Orphans May01



Gerald Schoenfeld Theatre

A stand-out performance by Tom Sturridge highlights the electrifying and terrifying Broadway revival of Lyle Kessler’s dark and absurdest play Orphans, also starring Alec Baldwin (“30 Rock”) and Ben Foster.

Older brother Treat (Foster) earns a living as a petty thief to take care of brother Phillip (Sturridge) who inhabits his own autistic word, where tuna fish and a bowl of mayonnaise are the meals of the day — every day — and where contact with the outside world is feared as potentially lethal. Phillip leaps around the furniture and occasionally looks out the window to observe passers by or marvels at the woman’s high heel he secrets away.

orphansOne day, Treat decides to up the stakes from mugging to kidnapping when he encounters well–to-do businessman Harold (Baldwin). He and Phillip tie him up in their dilapidated north Philadelphia home (John Lee Beatty, set design) and prepare to collect a handsome ransom. The tables are turned, however, when Harold frees himself, but decides to stay. He befriends Phillip and hires the inept Treat as his body guard. Suddenly roles reverse as Treat’s confidence deserts him and Phillip discovers that he can do a lot more than he thought — especially those things Treat has been telling him he couldn’t do all these years — with Harold’s help.

The play itself is bizarre, bringing to mind Martin McDonagh’s A Behanding in Spokane. To enjoy these works, you have to check reality and all reasoning at the door or you will spend all of your time thinking, “That would never happen,” or “That doesn’t make sense.” If you are willing to do that here, you’ll allow Kessler some room to explore human nature and relationships.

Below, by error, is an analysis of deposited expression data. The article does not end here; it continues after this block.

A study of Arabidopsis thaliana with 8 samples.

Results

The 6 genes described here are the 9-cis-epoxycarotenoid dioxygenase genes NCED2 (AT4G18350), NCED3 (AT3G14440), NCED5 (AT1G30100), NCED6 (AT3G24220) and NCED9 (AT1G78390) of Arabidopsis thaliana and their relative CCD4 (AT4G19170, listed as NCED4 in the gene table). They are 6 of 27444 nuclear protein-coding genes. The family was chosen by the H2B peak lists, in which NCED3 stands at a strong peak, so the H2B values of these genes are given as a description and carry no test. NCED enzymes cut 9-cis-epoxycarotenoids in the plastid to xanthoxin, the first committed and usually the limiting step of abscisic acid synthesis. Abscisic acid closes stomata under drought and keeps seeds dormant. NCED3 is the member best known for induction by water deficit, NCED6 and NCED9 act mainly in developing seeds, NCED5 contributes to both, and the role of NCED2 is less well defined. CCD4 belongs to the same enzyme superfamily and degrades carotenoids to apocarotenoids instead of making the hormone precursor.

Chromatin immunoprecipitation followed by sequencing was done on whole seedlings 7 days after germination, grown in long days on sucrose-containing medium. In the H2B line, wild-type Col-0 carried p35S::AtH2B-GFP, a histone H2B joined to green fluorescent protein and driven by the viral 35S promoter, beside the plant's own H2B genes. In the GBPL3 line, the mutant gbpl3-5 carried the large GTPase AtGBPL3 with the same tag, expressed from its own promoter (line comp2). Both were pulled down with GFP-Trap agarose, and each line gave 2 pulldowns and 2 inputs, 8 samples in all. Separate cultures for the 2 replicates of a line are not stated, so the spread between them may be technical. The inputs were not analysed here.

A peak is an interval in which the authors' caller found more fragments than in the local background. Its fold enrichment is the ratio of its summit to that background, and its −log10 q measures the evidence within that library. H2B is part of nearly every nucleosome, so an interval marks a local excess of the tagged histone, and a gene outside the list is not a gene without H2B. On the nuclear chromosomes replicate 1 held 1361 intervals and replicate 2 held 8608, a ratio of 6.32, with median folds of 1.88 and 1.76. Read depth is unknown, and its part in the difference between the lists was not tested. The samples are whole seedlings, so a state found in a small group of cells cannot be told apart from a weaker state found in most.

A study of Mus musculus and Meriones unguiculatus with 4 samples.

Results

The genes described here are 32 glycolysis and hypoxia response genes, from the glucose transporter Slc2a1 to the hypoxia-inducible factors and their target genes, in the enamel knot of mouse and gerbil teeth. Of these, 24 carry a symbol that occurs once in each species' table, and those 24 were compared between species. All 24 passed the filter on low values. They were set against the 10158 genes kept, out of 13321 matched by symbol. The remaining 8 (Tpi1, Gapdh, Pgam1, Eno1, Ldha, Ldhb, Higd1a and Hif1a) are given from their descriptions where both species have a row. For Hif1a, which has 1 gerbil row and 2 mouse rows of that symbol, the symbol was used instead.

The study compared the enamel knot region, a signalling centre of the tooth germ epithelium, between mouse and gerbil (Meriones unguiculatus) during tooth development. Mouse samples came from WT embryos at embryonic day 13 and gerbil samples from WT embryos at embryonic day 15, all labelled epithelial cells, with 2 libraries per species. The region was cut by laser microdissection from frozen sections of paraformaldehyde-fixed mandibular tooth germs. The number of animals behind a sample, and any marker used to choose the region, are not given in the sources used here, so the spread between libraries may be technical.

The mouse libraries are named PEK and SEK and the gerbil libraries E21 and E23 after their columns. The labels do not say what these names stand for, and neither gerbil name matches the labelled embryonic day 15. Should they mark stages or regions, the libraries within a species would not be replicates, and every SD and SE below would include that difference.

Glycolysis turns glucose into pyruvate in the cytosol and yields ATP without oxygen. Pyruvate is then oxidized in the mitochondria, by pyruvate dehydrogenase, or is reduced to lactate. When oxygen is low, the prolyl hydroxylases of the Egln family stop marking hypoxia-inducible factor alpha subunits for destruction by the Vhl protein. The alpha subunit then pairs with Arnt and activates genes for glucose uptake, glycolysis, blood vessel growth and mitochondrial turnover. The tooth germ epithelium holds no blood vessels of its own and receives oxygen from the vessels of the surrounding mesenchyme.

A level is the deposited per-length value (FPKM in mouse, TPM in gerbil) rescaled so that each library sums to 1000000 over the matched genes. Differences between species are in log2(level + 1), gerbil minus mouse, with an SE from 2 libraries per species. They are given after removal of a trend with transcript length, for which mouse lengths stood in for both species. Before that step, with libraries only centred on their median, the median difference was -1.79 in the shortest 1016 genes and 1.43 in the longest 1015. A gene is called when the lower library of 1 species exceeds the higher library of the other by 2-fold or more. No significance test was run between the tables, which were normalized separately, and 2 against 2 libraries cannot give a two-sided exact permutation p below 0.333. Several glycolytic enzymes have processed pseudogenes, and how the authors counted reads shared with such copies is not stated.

The biggest takeaway from this production, however, is Sturridge’s dynamite performance (he has been nominated for a Tony Award for Best Actor in a Play and the play is up for best revival). His portrayal is at once physical, energetic, calm and gentle. With each gesture or mimic of another character, he takes the portrait to a deeper level. It’s one of the most gripping and engrossing performances I have seen on stage in a while, even more so because he upstages Hollywood badboy Baldwin, the box-office draw for the show. Foster could be completely lost up there, but the steady direction of Daniel Sullivan keeps him in play.

Orphans plays at the Gerald Schoenfeld Theatre, 236 West 45th St., NYC through June 30. Tickets and info: http://www.orphansonbroadway.com/.

This Show Contains:
— Language
— God’s name taken in vain

Lauren Yarger is Executive Director/Producer with Masterwork Productions, Inc. She is a freelance writer and member of the Drama Desk, The Outer Critics Circle, The American Theater Critics Association, the Society of Professional Journalists, the CT SPJ, the Connecticut Critics Circle, Christians in Theatre Arts, the Episcopal Actors Guild and the Society of Children’s Book Writers and Illustrators. Keep up with her theatre reviews atReflections in the Light.